The Image to Come. How Cinema inspires Photographers

Magnum Photos and the Cinematheque Francaise sendt 10 photographers to the movies and asked them to create original work in response to the oeuvre of a film director who has influenced their vision. In carrying out the assignment, Abbas, Antoine D’Agata, Bruce Gilden, Harry Gruyaert, Gueorgui Pinkhassov, Gilles Peress, Mark Power, Alec Soth, Donovan Wylie and Patrick Zachmann have set out to absorb all the mixed media that differentiates the moving image from their own intensely distilled single frames: Beyond prints, projections and film stills, they consider audio-visual material, written notes, soundtracks, and publications, each in his own way exploring the domain of the visible. Among their subjects: Pinkhassov looks at Andrei Tarkovski, Gruyaert at Michelangelo Antonioni, Abbas at Roberto Rossellini, Power at Krzysztof Kieslowski, Soth at Wim Wenders and Gilden more broadly at film noir from the 40s and 50s.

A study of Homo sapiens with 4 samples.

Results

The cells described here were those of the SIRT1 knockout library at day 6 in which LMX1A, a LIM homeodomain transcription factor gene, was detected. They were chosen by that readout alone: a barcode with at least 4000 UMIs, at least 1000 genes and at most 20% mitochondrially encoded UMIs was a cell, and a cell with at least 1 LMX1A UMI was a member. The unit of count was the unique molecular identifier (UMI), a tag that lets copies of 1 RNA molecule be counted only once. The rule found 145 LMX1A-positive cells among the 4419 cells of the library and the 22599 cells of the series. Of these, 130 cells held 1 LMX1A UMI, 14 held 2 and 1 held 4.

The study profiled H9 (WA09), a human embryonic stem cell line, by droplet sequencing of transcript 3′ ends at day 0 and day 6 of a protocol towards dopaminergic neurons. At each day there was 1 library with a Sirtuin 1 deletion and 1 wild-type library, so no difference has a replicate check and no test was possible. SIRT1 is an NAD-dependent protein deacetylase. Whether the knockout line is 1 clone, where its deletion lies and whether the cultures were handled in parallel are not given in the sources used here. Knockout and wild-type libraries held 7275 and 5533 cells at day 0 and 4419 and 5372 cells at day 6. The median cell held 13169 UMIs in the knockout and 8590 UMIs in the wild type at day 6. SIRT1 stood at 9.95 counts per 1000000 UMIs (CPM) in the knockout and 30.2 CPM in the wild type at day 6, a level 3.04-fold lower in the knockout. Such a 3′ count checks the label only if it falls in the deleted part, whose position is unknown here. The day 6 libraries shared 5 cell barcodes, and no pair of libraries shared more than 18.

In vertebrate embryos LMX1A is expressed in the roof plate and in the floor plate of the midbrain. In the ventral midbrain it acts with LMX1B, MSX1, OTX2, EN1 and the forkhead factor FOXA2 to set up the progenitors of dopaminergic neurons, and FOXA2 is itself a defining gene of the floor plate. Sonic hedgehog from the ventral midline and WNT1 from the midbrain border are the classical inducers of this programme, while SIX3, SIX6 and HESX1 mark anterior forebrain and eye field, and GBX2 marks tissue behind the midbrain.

Text: Dufour Diane, Toubiana Serge. cm 16,8×23,5; pp. 208; COL and BW; hardcover. Publisher: Steidl, New York , 2006.

ISBN: 9783865213969| 3865213960
Request info

Product Description

Magnum Photos and the Cinematheque Francaise sendt 10 photographers to the movies and asked them to create original work in response to the oeuvre of a film director who has influenced their vision. In carrying out the assignment, Abbas, Antoine D’Agata, Bruce Gilden, Harry Gruyaert, Gueorgui Pinkhassov, Gilles Peress, Mark Power, Alec Soth, Donovan Wylie and Patrick Zachmann have set out to absorb all the mixed media that differentiates the moving image from their own intensely distilled single frames: Beyond prints, projections and film stills, they consider audio-visual material, written notes, soundtracks, and publications, each in his own way exploring the domain of the visible. Among their subjects: Pinkhassov looks at Andrei Tarkovski, Gruyaert at Michelangelo Antonioni, Abbas at Roberto Rossellini, Power at Krzysztof Kieslowski, Soth at Wim Wenders and Gilden more broadly at film noir from the 40s and 50s.